International mediators opened a series of meetings with the Syrian Government and Opposition on Thursday in an 11th—hour bid to secure their participation in peace talks scheduled for the next day.

Arab League and UN special envoy Lakhdar Brahimi and a team of diplomats met separately with Damascus and the Opposition in Geneva in a bid to reach a consensus over the framework of what would be the first direct talks between the two sides since the outbreak of the conflict in March 2011.

The mediation came a day after an acrimonious start to the talks in Montreux, during which the two sides swapped accusations and challenged each other’s legitimacy, clashing over the intended focus of the US— and Russia—backed talks in an opening ceremony attended by more than 40 countries.

But Brahimi said both sides expressed a willingness to open talks with discussions about a prisoner release and easing humanitarian aid access to besieged towns, two points in an 18—point agreement over a wider political transition initially agreed upon by the two sides in July 2012.

Transitional government

The Opposition and the United States demand the talks centre around the formation of a transitional government and the departure of President Bashar al—Assad, a stipulation that has been ruled out by Damascus as a “red line.” The Syrian government maintains that discussions should be devoted to “combating terrorism” in the country.

Brahimi said the two sides faced “a long road ahead,” acknowledging that mediators might not be able to reach a consensus ahead of Friday, the date set for the start of the direct negotiations in Geneva.

“The most important thing is that we get the two sides in the same room together and discussing the major issues in the interest of the Syrian people, ... but this takes time,” Brahimi cautioned.

In addition to a prisoners release, Damascus and the Syrian National Coalition of the Opposition (SNC) have a wide range of issues on their agenda, including ceasefires, the formation of a transitional government and constitutional reform, paving the way for a directly elected government.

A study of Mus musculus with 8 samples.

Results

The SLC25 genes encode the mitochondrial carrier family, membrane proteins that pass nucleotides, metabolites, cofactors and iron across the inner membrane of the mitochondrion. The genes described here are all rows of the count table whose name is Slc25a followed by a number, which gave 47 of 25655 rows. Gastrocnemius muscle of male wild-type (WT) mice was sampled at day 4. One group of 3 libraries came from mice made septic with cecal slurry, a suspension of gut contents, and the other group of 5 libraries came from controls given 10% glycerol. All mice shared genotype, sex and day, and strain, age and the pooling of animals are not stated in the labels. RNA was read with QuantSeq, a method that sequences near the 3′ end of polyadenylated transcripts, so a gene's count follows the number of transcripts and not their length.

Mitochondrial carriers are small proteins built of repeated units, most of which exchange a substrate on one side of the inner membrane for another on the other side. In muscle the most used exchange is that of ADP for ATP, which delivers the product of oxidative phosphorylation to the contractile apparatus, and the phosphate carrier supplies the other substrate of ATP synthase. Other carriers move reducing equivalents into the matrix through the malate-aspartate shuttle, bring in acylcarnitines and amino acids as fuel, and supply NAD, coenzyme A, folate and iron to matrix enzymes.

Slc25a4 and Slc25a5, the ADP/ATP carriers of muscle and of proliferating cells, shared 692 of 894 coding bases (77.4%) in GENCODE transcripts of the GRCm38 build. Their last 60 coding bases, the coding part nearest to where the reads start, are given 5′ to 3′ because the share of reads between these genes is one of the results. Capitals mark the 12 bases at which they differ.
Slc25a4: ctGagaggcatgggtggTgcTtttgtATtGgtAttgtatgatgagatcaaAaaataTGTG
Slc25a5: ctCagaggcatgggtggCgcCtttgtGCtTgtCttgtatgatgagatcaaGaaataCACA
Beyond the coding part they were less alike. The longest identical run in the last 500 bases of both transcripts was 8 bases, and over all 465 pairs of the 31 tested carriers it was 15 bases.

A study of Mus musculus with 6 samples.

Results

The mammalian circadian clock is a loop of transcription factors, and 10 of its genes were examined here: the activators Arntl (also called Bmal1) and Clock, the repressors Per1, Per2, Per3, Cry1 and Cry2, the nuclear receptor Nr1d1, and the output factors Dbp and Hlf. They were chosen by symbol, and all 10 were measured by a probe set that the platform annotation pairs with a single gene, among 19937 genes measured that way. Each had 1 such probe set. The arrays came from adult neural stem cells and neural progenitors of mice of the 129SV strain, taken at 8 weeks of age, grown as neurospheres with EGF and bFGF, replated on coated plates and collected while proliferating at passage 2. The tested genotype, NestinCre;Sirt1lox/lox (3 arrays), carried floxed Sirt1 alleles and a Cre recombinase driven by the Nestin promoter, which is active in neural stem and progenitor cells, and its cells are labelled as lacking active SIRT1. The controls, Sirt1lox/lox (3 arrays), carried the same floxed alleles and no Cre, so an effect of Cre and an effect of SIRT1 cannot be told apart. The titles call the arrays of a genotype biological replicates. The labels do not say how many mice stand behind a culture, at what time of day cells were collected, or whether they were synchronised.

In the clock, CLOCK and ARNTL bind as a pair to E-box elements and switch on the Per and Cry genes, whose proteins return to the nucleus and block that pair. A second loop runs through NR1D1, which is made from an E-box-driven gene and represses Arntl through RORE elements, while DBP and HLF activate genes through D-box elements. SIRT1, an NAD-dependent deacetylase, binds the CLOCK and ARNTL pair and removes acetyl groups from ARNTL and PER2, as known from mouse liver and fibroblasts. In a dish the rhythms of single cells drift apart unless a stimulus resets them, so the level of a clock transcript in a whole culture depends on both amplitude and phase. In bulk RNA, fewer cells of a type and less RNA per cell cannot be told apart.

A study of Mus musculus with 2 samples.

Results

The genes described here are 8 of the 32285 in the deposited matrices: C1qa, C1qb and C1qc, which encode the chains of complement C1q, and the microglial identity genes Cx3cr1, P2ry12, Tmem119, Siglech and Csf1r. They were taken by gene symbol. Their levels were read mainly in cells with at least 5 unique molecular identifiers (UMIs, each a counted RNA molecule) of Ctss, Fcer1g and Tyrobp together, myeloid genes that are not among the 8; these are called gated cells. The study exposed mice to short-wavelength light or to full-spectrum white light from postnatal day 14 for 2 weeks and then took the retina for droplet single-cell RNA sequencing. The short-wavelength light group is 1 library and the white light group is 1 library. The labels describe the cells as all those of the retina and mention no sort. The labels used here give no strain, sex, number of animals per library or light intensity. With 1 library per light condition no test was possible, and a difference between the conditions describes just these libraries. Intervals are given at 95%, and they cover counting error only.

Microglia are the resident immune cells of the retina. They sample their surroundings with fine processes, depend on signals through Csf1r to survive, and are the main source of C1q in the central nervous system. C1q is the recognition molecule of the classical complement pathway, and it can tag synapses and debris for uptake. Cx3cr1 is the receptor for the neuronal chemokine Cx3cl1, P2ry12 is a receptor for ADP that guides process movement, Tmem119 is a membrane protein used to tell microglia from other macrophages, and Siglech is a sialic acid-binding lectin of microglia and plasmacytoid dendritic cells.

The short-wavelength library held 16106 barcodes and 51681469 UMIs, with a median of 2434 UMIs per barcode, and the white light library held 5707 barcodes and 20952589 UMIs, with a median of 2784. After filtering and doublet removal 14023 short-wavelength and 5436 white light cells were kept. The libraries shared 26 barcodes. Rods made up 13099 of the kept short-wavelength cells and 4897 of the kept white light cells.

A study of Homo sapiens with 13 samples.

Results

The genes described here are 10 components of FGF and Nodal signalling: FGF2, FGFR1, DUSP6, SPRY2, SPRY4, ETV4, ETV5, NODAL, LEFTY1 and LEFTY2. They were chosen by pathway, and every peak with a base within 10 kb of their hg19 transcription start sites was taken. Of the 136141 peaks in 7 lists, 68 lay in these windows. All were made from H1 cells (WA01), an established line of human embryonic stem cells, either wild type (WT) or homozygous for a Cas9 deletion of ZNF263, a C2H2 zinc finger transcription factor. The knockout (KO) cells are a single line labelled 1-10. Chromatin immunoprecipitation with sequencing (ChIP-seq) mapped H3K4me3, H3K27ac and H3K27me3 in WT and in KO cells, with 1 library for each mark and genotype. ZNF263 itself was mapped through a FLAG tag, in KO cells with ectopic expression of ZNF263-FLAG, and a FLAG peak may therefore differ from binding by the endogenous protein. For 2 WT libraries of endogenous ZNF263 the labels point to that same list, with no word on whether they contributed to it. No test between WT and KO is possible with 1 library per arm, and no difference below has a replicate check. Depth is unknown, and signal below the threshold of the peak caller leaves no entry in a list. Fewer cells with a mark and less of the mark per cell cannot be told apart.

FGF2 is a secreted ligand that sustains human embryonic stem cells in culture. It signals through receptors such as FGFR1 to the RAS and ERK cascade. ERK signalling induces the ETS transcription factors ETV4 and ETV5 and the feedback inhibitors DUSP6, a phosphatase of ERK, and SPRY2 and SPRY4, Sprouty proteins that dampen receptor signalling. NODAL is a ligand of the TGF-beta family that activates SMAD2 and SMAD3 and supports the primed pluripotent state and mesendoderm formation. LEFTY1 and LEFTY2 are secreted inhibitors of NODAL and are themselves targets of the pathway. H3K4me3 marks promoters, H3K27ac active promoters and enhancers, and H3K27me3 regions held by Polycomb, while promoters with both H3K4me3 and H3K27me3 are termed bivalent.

Pressure on Opposition

But the opposition faced growing pressure Thursday from inside and outside Syria to pull out of the talks after a first day that rebels and opposition groups claimed exposed Damascus’ “insincerity” in the process.

In a statement issued late Wednesday, the Syrian National Coalition, a key opposition group and member of the SNC, announced its withdrawal from the umbrella body to protest its participation in the talks.

Its president, George Sabra, declared it would not support the negotiations, which he said were unable to secure “the Syrian people’s rights.” Rebel and Islamist groups within Syria also called on the SNC to bow out of the talks over what they described as Damascus’ unwillingness to discuss the major issues facing the country.

The Syria Islamic Front, a coalition made up of several Islamist groups in Syria, urged the SNC to exit the talks to protest Damascus’ insistence to devote the negotiations to tackling “terrorism.” “Under the regime’s definition, every rebel, every fighter, every opposition member and every Syrian is a terrorist,” spokesman Abu Mohammad al—Bakr said.